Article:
Brio walked down the icy alleyway, with melodies ringing through his head. As he danced onto the sidewalk, he took no notice of the trash cans lining the alley. While making his way to the local high school, he felt he could hear a saxophone on every street corner. The most joyous smile lit up his face upon seeing an old man with a harmonica. The man’s fingertips poked through his black woolen gloves and his earlobes, which showed from beneath a cap, were red with cold. Next to the old man was a damp cardboard box with jagged edges and “tips” scrawled across it with marker. Brio paused with his hands in his pockets to listen for a few seconds and then pulled out three crumpled dollar bills and placed them into the bottom of the cardboard box beneath some change to prevent the wind from lifting them away. As he turned onto the next street the notes of the harmonica continued ringing through his head.
He hummed along all the while and didn’t care to stop even once he was in the vicinity of other students just arriving at school for the day. In response, they only glanced at him briefly; everyone had become accustomed to his unashamed enthusiasm for music.
As Brio walked towards his homeroom, he made a point of rapping his knuckles on locker 342. Although it was his designated locker, he hadn’t opened it since the beginning of the year. There was nothing to use it for: he carried around his book bag from class to class and didn’t have a bulky winter coat to store away. Still, he had made a habit out of knocking on number 342 every morning. The metallic sound his knuckles had made against the locker began to loop in his mind to create a beat. As he shrugged his book bag off of his shoulders and took his seat in homeroom, he tapped his worn out sneakers to the locker beat and waved his fingers to the harmonica melody that no one else could hear. Today the music playing in his head matched up almost perfectly with the bell ringing to signal the start of first period.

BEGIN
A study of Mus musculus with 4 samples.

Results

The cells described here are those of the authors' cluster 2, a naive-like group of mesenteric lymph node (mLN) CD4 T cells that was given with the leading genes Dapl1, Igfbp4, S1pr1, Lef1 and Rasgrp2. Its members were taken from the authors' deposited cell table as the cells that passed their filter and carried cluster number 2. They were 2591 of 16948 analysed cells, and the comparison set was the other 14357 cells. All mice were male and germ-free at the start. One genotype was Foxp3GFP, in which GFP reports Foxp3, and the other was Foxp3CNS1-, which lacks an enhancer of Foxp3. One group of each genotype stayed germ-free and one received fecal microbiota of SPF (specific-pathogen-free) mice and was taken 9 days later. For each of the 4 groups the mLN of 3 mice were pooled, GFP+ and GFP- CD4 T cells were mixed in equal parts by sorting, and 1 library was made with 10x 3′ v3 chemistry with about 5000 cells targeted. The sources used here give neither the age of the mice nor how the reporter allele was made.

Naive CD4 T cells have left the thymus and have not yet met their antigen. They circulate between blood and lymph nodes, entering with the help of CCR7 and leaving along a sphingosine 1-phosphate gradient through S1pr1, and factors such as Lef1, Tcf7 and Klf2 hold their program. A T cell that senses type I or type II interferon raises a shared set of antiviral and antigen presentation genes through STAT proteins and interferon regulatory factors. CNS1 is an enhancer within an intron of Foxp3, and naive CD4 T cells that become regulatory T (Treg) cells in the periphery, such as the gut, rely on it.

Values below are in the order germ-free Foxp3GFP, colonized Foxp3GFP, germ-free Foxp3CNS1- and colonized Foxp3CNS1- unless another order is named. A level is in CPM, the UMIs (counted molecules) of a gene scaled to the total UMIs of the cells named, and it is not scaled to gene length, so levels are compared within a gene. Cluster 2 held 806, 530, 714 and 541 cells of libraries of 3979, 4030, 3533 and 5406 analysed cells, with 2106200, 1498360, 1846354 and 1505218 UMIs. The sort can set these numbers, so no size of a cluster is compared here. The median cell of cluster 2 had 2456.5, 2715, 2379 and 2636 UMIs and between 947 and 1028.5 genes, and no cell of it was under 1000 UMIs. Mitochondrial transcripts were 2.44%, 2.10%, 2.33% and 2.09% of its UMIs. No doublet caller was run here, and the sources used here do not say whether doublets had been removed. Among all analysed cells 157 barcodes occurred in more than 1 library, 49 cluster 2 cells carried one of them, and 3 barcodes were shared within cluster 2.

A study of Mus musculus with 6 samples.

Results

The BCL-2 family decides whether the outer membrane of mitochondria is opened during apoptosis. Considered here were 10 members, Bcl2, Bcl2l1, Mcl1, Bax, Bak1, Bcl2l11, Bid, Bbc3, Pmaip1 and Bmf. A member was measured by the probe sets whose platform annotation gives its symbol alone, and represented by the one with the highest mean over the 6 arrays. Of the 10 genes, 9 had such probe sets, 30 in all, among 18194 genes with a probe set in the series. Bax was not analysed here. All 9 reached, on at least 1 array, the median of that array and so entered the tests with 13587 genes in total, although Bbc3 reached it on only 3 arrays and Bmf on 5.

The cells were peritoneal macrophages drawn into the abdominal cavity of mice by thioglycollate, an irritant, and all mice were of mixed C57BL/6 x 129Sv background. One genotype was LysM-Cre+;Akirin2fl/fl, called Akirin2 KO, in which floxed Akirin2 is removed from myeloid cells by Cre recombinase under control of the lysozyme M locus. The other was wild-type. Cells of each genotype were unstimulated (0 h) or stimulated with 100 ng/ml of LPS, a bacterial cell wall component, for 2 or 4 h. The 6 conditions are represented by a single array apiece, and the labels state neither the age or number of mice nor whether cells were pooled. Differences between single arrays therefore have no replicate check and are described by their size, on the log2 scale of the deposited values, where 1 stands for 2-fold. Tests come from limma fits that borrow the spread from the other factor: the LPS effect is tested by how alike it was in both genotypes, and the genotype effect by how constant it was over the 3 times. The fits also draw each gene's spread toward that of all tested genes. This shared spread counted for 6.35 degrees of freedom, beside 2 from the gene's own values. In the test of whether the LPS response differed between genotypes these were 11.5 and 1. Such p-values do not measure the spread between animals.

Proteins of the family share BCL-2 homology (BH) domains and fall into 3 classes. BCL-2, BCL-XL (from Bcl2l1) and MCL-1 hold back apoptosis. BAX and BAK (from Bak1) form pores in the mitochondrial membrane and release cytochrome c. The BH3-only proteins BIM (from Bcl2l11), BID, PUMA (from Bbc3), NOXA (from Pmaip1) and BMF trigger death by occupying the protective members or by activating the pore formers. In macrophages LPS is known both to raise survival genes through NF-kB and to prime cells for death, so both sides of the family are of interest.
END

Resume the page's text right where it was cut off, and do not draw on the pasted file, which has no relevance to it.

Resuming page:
Brio stood up with the impromptu music running through his thoughts. He stepped out of homeroom still humming until he found himself in his first class: history. For the first half of the period, Ms. Jones had a one-sided conversation with the class concerning the Persian Gulf War. Brio played melodies inside his head in the background of her lecture. After about fifteen minutes he added in a bit of percussion by quietly tapping his fingers on his desk, earning himself a sideways glare from the girl next to him.
Halfway through the class he was jerked out of his sonic daydream as everyone jumped to get to the limited number of computers along the border of the room. Most likely, Ms. Jones had just assigned them a research project and given them the rest of the period to begin working on it. Now he had lost the chance to use one of the computers, but he simply shrugged and scanned the wooden bookshelf for a textbook to use in the meantime. Settling back down at his desk with the textbook, Brio continued with his humming and tapping.
In his peripheral vision he noticed Nate, a scrawny boy with hair that constantly hung in front of his eyes. Nate was hunched over his desk with a textbook and a pencil in hand. Behind him, two other boys were nudging each other, gesturing toward Nate, and laughing silently enough that Ms. Jones didn’t raise her eyes from the tests she was grading. This was becoming a routine, and an infuriating one at that. One of the boys ripped off a corner of his blank sheet of loose leaf paper and crushed it into a wad with one hand. While checking repeatedly to make sure the other boy was watching him, he launched it at the back of Nate’s head. Brio saw Nate take a breath and noticed his shoulders sag as he turned around to face the other boys.
“What?” Nate’s voice had an annoyed tone yet it lacked any force. It was as if he had barely mustered the energy to push the word past his lips.
The boys laughed in response. “Nothing, nothing,” one of them brushed aside the question. After Nate turned back to his textbook, the two boys continued to stare blankly at their papers and laughed senselessly on intervals, always looking to each other for some sort of approval. Brio shook his head, and suddenly became aware that the music in his head had gone silent. He stood up abruptly, but the bell rang and Nate was quick to escape the classroom without bothering to put his textbook away. The two boys sauntered out of the classroom, still laughing amongst themselves.
Brio shook his head again and picked up both his textbook and the book abandoned on Nate’s desk. After pushing both books back into their designated spots on the bookshelf, Brio headed out of the classroom and thought distractedly about Nate and the two boys throughout math and chemistry. Later, as he headed toward the cafeteria for lunch he remembered that he had already spent his money listening to the old man with the harmonica this morning. He wheeled around to head towards the band room instead, his mind still void of the usual music. Brio turned the corner to see none other than Nate, sitting in the hallway and humming to himself while finishing up the math homework that had been due that day.
Nate looked up and quickly stopped humming.
“I love that song!” Brio smiled and took a seat next to Nate. “Have you heard their new album? I thought it was great.”
Nate brushed his hair away from his eyes and allowed a smile to brighten his face as he agreed enthusiastically.